New Research Examines Effects of Cross Slope on Wheelchair Travel


Various factors affect the accessibility of outdoor surfaces, among them firmness, stability, smoothness, slope, and weather conditions.  Surface slopes that run perpendicular to the direction of travel, often referred to as the cross slope, have been identified as a key factor in usability according to several human factor studies involving people who use manual wheelchairs.  The Board has initiated further investigation into the impact of cross slope on wheelchair travel through a project undertaken by the Human Engineering Research Laboratory (HERL) at the University of Pittsburgh. 

Under this project, investigators reviewed existing research and surveyed people who use wheelchairs to gain insight into this issue, including the interaction of slope, surface, and weather conditions on wheelchair travel.  Based on the information collected, researchers developed a protocol for a follow-on human factors study to be undertaken at HERL facilities with additional support from the Veterans Administration and Paralyzed Veterans of America.

In the Board's preliminary project, researchers found that while studies show that cross slopes make wheelchair travel more difficult, there was little consensus on methods or protocols for measuring these effects.  Further, they determined that the measures used in most studies, such as energy consumption and perceived effort, cannot fully assess the complex effects of cross slope.  Few studies were found that investigated wheelchair propulsion in outdoor environments over a range of surfaces.  Results from the project survey confirmed that terrain features interact in complex ways and that the effects are more pronounced among certain populations.  Findings suggest that older adults, women, and people with progressive conditions, such as multiple sclerosis, or upper extremity impairment are most likely to experience difficulty negotiating cross slopes.  This can be further aggravated by wheelchair design, such as configurations enhancing rearward stability.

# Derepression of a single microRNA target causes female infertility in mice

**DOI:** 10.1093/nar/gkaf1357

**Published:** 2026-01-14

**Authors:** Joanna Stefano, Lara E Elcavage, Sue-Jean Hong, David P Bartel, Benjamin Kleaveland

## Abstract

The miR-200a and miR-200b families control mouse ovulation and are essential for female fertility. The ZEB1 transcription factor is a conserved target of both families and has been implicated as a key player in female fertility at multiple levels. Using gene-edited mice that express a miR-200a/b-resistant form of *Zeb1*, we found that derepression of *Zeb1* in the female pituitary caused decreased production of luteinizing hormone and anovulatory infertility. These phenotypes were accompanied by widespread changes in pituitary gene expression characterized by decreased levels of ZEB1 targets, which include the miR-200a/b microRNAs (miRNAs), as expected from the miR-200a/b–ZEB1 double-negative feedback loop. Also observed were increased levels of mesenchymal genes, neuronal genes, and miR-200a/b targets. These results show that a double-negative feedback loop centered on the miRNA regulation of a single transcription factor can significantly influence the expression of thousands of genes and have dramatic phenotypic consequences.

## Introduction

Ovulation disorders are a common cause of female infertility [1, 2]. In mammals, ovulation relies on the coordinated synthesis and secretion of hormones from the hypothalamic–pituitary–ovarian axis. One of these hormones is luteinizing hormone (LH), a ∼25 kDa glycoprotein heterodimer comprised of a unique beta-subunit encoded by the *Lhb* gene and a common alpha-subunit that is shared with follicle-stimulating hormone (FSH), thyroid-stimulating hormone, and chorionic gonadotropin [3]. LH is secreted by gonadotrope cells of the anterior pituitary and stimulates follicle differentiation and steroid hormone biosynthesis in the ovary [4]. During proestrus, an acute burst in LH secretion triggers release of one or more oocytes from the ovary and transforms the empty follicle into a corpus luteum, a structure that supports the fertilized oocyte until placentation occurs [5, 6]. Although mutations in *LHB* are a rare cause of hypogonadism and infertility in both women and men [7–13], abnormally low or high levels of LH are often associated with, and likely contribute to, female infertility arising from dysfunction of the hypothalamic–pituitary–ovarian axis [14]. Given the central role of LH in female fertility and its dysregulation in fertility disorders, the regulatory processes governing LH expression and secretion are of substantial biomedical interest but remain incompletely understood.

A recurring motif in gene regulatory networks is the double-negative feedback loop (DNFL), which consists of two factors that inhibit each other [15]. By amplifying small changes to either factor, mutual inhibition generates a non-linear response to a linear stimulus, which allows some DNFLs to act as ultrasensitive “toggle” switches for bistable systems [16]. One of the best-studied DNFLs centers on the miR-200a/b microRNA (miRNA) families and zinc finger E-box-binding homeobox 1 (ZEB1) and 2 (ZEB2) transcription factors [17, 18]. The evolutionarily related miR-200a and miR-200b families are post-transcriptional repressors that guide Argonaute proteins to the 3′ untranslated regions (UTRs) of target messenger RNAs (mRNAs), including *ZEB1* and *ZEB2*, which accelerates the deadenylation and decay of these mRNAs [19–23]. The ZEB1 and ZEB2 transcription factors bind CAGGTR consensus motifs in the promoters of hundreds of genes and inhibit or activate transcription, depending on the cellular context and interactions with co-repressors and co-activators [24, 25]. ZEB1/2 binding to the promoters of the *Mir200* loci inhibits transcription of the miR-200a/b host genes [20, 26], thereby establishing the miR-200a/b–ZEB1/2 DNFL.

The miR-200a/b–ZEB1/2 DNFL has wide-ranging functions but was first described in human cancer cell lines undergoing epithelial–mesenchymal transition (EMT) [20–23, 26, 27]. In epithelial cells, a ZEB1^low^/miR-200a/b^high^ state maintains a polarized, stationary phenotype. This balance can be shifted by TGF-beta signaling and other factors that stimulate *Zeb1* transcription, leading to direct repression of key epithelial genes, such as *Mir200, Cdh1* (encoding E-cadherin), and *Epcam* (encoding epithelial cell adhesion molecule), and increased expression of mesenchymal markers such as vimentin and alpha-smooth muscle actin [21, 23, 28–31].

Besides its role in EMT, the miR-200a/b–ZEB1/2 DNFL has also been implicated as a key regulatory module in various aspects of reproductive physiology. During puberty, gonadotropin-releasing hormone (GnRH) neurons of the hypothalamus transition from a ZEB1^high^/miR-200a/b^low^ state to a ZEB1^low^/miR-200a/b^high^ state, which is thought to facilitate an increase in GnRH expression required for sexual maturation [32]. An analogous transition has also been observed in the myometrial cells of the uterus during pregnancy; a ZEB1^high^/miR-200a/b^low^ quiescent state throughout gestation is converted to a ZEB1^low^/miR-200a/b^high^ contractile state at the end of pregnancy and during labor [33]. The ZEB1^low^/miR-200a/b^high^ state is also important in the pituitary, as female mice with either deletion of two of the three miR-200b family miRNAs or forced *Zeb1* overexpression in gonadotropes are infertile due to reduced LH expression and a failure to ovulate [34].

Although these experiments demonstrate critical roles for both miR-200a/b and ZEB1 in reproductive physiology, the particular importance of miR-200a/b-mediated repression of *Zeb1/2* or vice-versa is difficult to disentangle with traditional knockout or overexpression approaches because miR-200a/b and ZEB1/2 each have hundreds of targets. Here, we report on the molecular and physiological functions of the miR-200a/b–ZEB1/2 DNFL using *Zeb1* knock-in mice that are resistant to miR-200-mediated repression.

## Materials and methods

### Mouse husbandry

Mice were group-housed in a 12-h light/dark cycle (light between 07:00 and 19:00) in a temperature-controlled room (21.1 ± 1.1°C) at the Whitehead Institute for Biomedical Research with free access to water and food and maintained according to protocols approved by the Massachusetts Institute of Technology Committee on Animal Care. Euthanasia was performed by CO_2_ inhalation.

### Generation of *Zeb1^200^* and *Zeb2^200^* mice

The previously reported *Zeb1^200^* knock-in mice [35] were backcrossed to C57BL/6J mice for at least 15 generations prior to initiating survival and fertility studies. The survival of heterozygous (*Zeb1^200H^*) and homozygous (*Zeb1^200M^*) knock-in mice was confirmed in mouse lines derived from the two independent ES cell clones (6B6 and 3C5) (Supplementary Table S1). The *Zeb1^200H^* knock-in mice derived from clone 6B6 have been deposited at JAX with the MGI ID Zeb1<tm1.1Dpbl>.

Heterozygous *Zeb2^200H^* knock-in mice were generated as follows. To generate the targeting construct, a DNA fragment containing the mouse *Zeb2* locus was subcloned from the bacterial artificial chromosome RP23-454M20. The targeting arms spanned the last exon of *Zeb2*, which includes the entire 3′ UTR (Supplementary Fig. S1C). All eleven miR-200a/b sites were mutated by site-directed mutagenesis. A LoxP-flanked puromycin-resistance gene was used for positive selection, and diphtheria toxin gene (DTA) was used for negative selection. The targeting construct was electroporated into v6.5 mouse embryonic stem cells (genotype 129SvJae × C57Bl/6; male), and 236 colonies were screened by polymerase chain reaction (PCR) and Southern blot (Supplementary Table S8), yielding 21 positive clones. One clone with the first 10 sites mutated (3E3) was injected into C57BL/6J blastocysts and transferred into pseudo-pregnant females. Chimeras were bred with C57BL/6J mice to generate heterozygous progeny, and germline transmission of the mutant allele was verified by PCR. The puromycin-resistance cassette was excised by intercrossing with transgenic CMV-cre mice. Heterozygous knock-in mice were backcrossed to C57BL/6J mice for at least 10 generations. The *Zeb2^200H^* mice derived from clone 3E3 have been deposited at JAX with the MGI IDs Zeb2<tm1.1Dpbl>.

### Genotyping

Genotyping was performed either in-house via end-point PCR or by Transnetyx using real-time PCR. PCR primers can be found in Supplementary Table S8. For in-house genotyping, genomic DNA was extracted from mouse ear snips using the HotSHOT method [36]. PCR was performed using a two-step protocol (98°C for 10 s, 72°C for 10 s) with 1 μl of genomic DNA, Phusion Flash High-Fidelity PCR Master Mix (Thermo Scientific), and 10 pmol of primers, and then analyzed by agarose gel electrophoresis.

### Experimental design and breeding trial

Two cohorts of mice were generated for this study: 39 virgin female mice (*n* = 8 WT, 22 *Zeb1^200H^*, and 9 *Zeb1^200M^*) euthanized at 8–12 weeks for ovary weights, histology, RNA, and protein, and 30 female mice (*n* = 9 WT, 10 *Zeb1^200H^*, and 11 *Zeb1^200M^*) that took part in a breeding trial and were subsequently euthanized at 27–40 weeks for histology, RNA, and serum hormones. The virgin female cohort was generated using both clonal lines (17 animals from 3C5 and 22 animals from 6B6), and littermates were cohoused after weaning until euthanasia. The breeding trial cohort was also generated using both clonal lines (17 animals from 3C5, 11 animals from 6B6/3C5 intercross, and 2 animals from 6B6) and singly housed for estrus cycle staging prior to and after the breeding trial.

Based on the results of the Board study, the project team developed a protocol to measure the effects of cross slope using a cross sectional group of test subjects.  Testing is currently underway on a range of cross slopes, running slopes, and surface conditions, including those that are smooth, irregular, and slippery.  Devices developed by HERL to measure work, energy, distance-per-stroke, and pushrim forces are being used to capture data.  Results of this research, including the preliminary study, will be posted on the Board's website once published.  For further information, contact Lois Thibault, the Board's Research Coordinator, at thibault@access-board.gov.